Today’s bento was my lunch on Tuesday… and what a lunch it was!
It started with the desire to try making the curried cabbage kinpira. I figured that since I was using those flavours anyway, I might as well make the dry-spiced dal from this book * for the protein component — I did briefly consider making it with red lentils instead of the moong dal… but decided it might be fun to see what else I could find to add some colour in my lunch box instead — as well as making Maki’s spicy curry peanut furikake. (Shown above. Well, except that I hate peanuts, so I used cashews. zOMG, she is not kidding about eating that one straight up once it’s made. So good. I should definitely have been more generous with the chili powder, though.)
For colour I decided to go simple with some peas stirred into the rice and lightly boiled carrots for a little crunch. I had originally intended on tucking some bread and butter pickles in as well, but after fitting the cabbage in, decided I was a little short on space. While it might have been nice to have a bit of that vinegary tang, the furikake was honestly so flavourful, I don’t really feel like anything was missing in the “keep your tastebuds guessing” department. (The sweet bursts from the peas and carrots also helped there.)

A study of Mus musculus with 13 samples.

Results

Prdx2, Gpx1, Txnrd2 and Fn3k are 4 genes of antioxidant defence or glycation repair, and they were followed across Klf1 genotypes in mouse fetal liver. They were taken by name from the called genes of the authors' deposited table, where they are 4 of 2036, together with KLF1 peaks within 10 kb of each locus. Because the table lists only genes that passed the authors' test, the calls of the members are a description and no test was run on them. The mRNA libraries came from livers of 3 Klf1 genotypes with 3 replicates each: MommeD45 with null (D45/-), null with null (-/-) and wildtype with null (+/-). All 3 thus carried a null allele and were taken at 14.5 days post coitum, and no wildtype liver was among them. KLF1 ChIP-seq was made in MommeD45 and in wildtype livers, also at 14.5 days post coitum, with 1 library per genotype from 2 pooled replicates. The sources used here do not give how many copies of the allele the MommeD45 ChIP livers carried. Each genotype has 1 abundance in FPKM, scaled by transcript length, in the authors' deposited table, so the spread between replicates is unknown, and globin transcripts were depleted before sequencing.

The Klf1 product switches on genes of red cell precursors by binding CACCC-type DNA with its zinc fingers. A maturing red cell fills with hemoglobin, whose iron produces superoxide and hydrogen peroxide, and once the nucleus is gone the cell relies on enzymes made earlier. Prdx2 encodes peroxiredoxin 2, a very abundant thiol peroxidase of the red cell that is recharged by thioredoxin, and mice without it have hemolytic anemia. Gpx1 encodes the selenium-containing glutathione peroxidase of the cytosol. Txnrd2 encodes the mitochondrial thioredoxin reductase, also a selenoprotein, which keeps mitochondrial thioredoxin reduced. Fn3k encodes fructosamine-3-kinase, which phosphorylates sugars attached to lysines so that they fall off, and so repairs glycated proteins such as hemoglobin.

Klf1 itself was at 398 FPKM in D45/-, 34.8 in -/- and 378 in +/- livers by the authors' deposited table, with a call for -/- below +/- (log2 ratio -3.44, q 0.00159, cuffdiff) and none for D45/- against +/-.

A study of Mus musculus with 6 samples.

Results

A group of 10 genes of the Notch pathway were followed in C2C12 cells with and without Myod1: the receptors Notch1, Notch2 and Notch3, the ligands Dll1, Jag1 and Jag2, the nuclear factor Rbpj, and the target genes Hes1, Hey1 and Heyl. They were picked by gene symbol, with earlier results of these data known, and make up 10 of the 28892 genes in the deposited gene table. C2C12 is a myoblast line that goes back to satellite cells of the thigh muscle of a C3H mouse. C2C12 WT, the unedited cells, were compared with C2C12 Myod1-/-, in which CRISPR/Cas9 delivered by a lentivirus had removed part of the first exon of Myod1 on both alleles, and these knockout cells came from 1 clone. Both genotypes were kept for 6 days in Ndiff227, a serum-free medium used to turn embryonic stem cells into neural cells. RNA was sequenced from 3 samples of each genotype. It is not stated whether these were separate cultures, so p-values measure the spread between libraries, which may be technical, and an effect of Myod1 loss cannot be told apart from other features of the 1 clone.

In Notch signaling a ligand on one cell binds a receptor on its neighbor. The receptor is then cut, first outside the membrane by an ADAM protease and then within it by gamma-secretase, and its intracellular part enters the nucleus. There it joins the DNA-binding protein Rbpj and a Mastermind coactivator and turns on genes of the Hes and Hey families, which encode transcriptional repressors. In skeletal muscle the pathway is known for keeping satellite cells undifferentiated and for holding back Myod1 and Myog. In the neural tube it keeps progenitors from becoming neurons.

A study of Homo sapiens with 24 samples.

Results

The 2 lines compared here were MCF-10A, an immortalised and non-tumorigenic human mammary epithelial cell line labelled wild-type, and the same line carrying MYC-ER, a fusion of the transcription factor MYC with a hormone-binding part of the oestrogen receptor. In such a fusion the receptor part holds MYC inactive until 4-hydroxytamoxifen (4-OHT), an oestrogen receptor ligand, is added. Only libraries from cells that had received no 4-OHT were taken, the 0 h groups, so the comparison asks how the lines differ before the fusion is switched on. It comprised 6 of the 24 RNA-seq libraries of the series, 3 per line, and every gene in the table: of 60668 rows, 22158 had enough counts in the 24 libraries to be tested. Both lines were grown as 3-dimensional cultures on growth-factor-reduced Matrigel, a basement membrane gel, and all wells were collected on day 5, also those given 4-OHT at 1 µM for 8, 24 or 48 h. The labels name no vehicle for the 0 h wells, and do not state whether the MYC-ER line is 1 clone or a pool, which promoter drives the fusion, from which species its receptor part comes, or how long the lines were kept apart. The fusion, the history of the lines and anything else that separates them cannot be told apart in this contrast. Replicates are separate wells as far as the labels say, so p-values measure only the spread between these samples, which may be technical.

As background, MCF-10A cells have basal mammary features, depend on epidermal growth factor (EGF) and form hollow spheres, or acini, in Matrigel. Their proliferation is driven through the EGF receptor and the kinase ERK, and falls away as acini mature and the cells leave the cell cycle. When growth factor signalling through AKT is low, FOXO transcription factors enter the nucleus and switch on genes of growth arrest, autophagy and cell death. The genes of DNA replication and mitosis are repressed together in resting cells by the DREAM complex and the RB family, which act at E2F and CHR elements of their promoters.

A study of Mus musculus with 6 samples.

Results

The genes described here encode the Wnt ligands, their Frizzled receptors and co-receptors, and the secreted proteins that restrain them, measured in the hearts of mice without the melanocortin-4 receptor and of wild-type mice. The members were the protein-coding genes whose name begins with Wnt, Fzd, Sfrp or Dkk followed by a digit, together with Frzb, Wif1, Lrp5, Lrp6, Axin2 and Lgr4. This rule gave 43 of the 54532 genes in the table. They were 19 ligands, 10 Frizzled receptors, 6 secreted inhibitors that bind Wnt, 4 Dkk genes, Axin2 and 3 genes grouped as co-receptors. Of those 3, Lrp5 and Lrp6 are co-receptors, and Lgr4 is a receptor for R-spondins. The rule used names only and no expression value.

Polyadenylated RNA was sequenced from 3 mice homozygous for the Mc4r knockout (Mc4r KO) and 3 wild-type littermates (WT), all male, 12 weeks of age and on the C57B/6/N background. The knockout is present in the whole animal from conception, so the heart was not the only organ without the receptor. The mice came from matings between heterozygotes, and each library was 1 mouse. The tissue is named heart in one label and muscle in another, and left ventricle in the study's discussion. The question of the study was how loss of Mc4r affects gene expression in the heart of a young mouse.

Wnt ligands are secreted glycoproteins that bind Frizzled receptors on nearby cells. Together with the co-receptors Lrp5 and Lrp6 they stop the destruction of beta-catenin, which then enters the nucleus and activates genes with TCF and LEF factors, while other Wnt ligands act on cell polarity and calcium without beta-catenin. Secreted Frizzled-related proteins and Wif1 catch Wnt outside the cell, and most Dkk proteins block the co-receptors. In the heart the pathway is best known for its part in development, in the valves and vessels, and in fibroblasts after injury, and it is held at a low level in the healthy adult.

All in all, I am super-happy with this bento! It was definitely out of my normal “marinated meat bites + rice + veg” formula, and tasted awesome! I actually feel a little bit bad for the cabbage; I hadn’t counted on the dal and cashew seasoning being quite so flavourful — the poor cabbage tasted almost bland in this meal. Ah well, I’ll try it again sometime in a non-curry-overdosed bento, where it’ll provide more of a contrast.
* As an aside, thus far that book is at about 75% in terms of recipes I’ve tried that are successful, which is pretty good! The lamb biryani and dry-spiced dal are incredible. (Seriously. I have yet to make either recipe without eating copious amounts straight from the cooker with a spoon before guiltily serving/packing the food as originally intended. And I’ve made both at least thrice each now.) The vindaloo was pretty good (but honestly not worth the trouble of doing in a slow-cooker, in my opinion), and the aloo gobi was also pretty solid. On the other hand, I’m not sure if I should try again with less liquid (although I had already reduced it from what the recipe called for!) or what, but I found the chickpea flour curry to be… a work in progress. On my list to try soon are the saag paneer and the “lamb crumbles with peas”.